Teachable Moments in Misconceptions
Alene Nitzky is an oncology nurse, author of Navigating the C: A Nurse Charts the Course for Cancer Survivorship Care, Blue Bayou Press, 2018. She is a cancer exercise trainer and health coach, and is CEO/Founder of Cancer Harbors®.
Nurses can advocate for patients by opening eyes and minds at every opportunity.
As an oncology nurse, I hear all sorts of odd statements and perceptions about cancer. Sometimes it’s plain ignorance or insensitivity, and other times I am blown away when I hear a healthcare professional say them too.
I know I’m not alone in this experience, and I always like to think of these as teachable moments. I feel it’s my duty to correct or at least attempt to educate people who make these comments about cancer. No one is perfect, and we all have put our feet in our mouths before, but as healthcare professionals, we need to have empathy and think before we speak. We also have a duty to educate the public by correcting misconceptions about cancer.
Having empathy for the person who needs education is necessary too, but it’s important that we make them think. Examine these statements and think about how you, as a nurse, might be able to improve things for patients from these opportunities to open someone’s eyes or mind.
1. “You’re an oncology nurse? That must be so depressing!” Or “You must be an angel!”
I can’t do anything about their association of nurses with angels (last I checked I couldn’t find my wings or halo) but I think their intentions are good in saying that. I do like to educate them on the things nurses actually do instead of being cherubs flying around from room to room tending to the sick.
I tell them I don’t find it depressing. What I do find sad is when there aren’t enough nurses to take care of all the patients. But helping patients manage their symptoms and spend as little time in healthcare facilities as possible requires understanding of their disease process, their treatment, and how we can intervene to make them more comfortable and prepare them for independence and better functioning whenever possible.
Yes, it is emotionally taxing to get to know patients and their families and see some of them die. Knowing that you made them comfortable and eased their passage out of this world is important work, and I do it because I can. I take care of myself as well as I can after each death by honoring my memory of that person and restoring myself physically and emotionally so I can be there for the next patient who needs me.
2. “He got the good cancer.”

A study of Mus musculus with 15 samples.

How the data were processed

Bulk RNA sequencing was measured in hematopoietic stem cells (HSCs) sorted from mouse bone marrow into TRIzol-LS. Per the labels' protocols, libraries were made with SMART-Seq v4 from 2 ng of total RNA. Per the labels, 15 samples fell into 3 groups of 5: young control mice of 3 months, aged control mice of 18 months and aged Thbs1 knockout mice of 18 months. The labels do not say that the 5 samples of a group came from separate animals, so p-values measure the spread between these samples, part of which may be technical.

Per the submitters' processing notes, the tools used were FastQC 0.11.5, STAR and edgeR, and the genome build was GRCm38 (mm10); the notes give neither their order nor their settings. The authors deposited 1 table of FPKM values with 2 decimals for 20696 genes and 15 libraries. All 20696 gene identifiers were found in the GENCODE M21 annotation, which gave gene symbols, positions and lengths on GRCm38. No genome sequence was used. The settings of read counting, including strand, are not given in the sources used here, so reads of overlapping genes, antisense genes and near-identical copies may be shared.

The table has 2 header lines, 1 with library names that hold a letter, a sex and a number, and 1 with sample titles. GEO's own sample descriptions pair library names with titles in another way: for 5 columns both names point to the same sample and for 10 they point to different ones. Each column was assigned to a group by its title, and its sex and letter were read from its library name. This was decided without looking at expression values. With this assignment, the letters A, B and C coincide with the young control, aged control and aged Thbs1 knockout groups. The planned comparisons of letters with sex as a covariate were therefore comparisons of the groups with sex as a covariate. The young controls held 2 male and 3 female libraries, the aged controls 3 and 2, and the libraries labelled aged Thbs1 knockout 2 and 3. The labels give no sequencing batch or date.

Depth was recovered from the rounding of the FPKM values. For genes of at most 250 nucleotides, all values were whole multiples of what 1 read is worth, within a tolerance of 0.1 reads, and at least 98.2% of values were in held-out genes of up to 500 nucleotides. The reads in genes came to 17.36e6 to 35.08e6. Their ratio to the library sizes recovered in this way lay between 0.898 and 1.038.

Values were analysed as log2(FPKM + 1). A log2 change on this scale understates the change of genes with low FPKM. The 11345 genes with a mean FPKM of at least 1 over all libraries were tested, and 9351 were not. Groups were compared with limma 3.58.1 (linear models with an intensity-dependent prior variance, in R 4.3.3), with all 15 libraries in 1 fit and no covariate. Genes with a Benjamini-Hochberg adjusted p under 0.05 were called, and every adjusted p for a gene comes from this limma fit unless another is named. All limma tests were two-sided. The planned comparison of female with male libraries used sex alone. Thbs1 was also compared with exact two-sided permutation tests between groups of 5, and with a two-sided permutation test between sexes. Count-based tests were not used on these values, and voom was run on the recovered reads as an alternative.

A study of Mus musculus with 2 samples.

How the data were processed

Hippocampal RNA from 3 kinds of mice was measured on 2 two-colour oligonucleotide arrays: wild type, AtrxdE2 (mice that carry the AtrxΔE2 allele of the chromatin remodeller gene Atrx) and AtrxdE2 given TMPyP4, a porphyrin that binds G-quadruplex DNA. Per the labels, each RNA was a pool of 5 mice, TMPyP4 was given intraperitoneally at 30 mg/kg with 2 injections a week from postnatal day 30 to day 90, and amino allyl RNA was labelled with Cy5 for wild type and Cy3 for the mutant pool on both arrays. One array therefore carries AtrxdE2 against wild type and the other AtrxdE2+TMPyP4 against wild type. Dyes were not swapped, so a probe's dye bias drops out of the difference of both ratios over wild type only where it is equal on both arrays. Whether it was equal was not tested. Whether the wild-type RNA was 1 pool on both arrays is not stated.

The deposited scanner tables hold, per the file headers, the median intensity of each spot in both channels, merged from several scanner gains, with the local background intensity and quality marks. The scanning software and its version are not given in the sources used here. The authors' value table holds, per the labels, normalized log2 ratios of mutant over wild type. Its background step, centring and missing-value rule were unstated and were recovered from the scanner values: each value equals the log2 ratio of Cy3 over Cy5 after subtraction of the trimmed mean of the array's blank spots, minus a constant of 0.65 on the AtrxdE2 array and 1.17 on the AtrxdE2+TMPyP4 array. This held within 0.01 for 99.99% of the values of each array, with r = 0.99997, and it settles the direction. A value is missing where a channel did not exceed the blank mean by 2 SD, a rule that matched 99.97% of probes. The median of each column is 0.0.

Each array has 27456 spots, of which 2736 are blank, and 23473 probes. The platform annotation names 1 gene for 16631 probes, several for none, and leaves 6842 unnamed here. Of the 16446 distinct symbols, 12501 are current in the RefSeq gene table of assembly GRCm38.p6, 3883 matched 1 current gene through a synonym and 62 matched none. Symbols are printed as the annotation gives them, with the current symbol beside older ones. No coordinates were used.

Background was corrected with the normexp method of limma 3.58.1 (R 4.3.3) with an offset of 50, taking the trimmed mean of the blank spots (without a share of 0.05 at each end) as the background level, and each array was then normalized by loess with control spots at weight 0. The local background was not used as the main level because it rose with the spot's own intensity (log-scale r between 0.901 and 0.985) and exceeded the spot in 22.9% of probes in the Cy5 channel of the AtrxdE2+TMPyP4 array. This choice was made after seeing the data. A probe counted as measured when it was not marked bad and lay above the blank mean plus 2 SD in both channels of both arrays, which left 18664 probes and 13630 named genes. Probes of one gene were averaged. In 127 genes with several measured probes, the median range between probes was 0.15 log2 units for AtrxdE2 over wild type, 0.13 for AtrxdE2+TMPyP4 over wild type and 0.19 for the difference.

I am amazed that I still hear doctors and nurses say this! Hearing you have cancer is never good. And the nature of cancer itself is uncontrolled growth of cells, that needs to be stopped, in order to be sure it’s gone. There are no guarantees in any cancer that it won’t come back, and it is in the back of the patient’s mind, even if they’re lucky enough to have minimal anxiety about it. What’s acceptable for one person may be terrible and frightening for another, depending on their perception of the particular cancer they have.
3. “We should have a party for him when he’s done with chemo.”
Does he want a party? Maybe he is terrified and would like some reassurance that his support system isn’t going away. Asking him if he would like to celebrate would be a good first step, instead of assuming that’s what he feels like doing. Ask him, instead, “What can I do to support you going forward, now that chemo is behind you?”
4. “He has Stage IV? How long does he have to live?” Worse: “How long did they give him?”
No one can determine how long they will live with Stage IV cancers, and there are a multitude of factors that affect one’s response to the disease or treatment, regardless of type or stage of cancer. Personally, one of the things that sets my teeth on edge is when people think the doctor’s prognosis implies they are giving the patient a time frame, as if the doctor is some kind of omniscient deity. It sounds like they are writing off the patient as being done with living, which makes people who are uncomfortable with mortality disappear and abandon the patient.
I educate people that it’s better to focus on how well can the person with cancer live in the time they are here, which could be any length. If they think the doctor is doling out time, then they feel less control over their remaining time. It’s better to focus on how well they can live with the cancer, whether they choose to pursue additional treatment, and what they want to do with that time. Many continue working and enjoying as many life experiences as their health allows. They’re still living, their lives have as much value as anyone without cancer, and they need support in a world that has far too long dismissed them.
One thing we need to do, as nurses, is to remember that no patient will respond or feel the same exact way as another, but we need to advocate for patients, and correcting misunderstandings that could harm our patients emotionally is a great opportunity to do just that.